Criticism is tough for most people. When we are criticized, we often develop a reaction to what is being said which makes us feel as though we are under attack. It's only natural to impulsively defend one's self under such circumstances.

Granted, some criticisms are malicious and unwarranted, but all of them are not without merit. Because of the fragile nature of the ego, psychologists encourage people to carefully phrase and present their criticisms as "constructive feedback."

Constructive feedback is defined as criticism that has a "kind" goal of improving some area of another person's life or work. It originated from the critique of someone else's written or artistic work, in perhaps a teacher/student setting. It was meant as a way that would allow the person receiving feedback to further improve their work or to improve their approach to future endeavors.

Constructive feedback can also apply to a critical reasoned analysis of a person's behavior, as in a patient/therapist setting or a group therapy setting. Parents also try to employ constructive feedback to help their children improve their lives.

Experts agree that whether or not feedback works largely depends on how it's presented.

Constructive feedback is a very effective method of reducing the alienation of employees and co-workers who have a propensity for political correctness, but on a personal level, it's harder to implement with people outside of that sphere.

In either arena, egos are accompanied by emotions that dutifully protect and preserve them. Outside of a professional environment, we are more likely to get unfiltered criticism from those who do not have a high regard for sensitivity. And most likely, the criticism comes unannounced.

While we can't control when or how criticisms may befall us, we can control how we respond to them. Yes, it's tough to do, but it's also beneficial to do it.

When you are open to the message behind any criticism, you are open to learning - about your behavior, efforts, or work. It's important to recognize this because criticism is never about you; it's about your behavior, efforts, or work. All of them can be changed - and improved - with the critical feedback from others.

It doesn't matter whether we call it criticism or feedback. What matters is that it feels like criticism. This is why we must emotionally diffuse and distance ourselves from our egocentric tendencies which make us turn a deaf ear to it, or become defensive in their wake.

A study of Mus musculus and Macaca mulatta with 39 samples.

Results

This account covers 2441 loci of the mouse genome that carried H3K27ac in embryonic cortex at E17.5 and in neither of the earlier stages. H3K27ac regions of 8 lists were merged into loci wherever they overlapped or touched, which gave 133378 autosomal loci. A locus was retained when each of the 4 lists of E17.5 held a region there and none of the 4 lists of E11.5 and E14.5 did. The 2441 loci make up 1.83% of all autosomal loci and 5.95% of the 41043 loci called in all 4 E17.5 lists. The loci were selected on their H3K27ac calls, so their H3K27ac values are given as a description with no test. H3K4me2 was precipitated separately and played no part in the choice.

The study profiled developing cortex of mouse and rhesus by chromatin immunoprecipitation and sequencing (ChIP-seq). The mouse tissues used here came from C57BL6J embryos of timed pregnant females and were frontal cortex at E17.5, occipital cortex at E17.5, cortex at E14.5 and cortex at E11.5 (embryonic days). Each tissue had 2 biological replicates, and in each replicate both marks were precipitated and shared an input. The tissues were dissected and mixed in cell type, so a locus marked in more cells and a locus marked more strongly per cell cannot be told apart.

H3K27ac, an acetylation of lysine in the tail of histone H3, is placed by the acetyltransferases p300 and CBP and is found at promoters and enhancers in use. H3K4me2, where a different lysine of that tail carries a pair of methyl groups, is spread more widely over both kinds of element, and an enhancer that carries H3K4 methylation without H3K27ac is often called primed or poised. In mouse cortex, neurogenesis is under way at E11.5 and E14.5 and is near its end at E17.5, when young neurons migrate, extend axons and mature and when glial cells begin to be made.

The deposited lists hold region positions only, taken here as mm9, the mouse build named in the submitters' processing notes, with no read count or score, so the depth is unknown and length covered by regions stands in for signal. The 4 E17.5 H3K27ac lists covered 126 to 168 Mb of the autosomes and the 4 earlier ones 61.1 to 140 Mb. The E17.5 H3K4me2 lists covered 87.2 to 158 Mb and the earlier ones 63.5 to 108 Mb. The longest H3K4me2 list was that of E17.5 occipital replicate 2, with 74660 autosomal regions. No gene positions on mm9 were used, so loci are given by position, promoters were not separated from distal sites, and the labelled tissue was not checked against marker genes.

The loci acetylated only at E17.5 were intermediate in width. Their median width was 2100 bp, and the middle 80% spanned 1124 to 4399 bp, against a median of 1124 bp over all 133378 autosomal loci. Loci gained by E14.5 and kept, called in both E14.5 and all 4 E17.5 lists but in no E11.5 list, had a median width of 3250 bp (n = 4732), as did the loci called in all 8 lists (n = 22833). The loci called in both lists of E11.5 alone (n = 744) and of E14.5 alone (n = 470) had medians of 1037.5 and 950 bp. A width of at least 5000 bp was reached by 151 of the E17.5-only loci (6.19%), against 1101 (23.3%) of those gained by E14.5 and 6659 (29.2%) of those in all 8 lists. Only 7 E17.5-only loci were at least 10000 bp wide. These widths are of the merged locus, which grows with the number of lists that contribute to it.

Coaches, managers, supervisors, teachers, and parents are routinely placed in positions where they have to be critical. The nature of the relationships that they have with others makes it appropriate and expected. Many of the aforementioned will fully, and successfully, embrace their power to influence and impact others by offering criticisms which draw attention to efforts.

Efforts (or lack thereof) are the root cause of most criticisms. Some say it's lack of results. But what results can you achieve without effort? When the person being criticized learns to separate his or herself from the criticism, full concentration can be placed on the efforts (or lack thereof) which caused the criticism in the first place.

Typically, greater effort exerted, or properly directed, to eliminate a counter productive behavior, or to increase the odds of succeeding in a particular endeavor, activity, or undertaking will silence both criticism, and the critics.

A random sampling of successful people reveals that when others who were both critical and supportive of them in the early stages of their lives and/or careers, they experienced the greatest influence on their development. People grow as a result of being pushed. Criticism provides that push. When people are pushed often, and hard enough to put forth greater efforts, or better direct them, growth and confidence occurs.

When criticism is withheld - especially in the early stages of life or in professional pursuits - people operate under a cloud of delusion, and false confidence occurs. It quickly turns to despair (or even depression) when they are confronted with the truth about their deficiencies. Withholding criticism from others may be the "polite" thing to do in the moment, but it's not a caring or supportive one in the long term.

If you are a person who reacts (with emotions) instead of responds (with receptiveness) to criticism, try to be still (and quiet) when it's aimed it you. Thank the person who gave it to you and ask them to elaborate on the criticism. Then sit with it for hours, days, or weeks if necessary to embrace its truth. Then go to work to correct it. You will have taken the first step towards a better you; one who is adept at impersonalizing criticism and using it to improve the quality of your work, or to create change.

Author's Bio: 

Gian Fiero is a speaker and author who lectures throughout the country.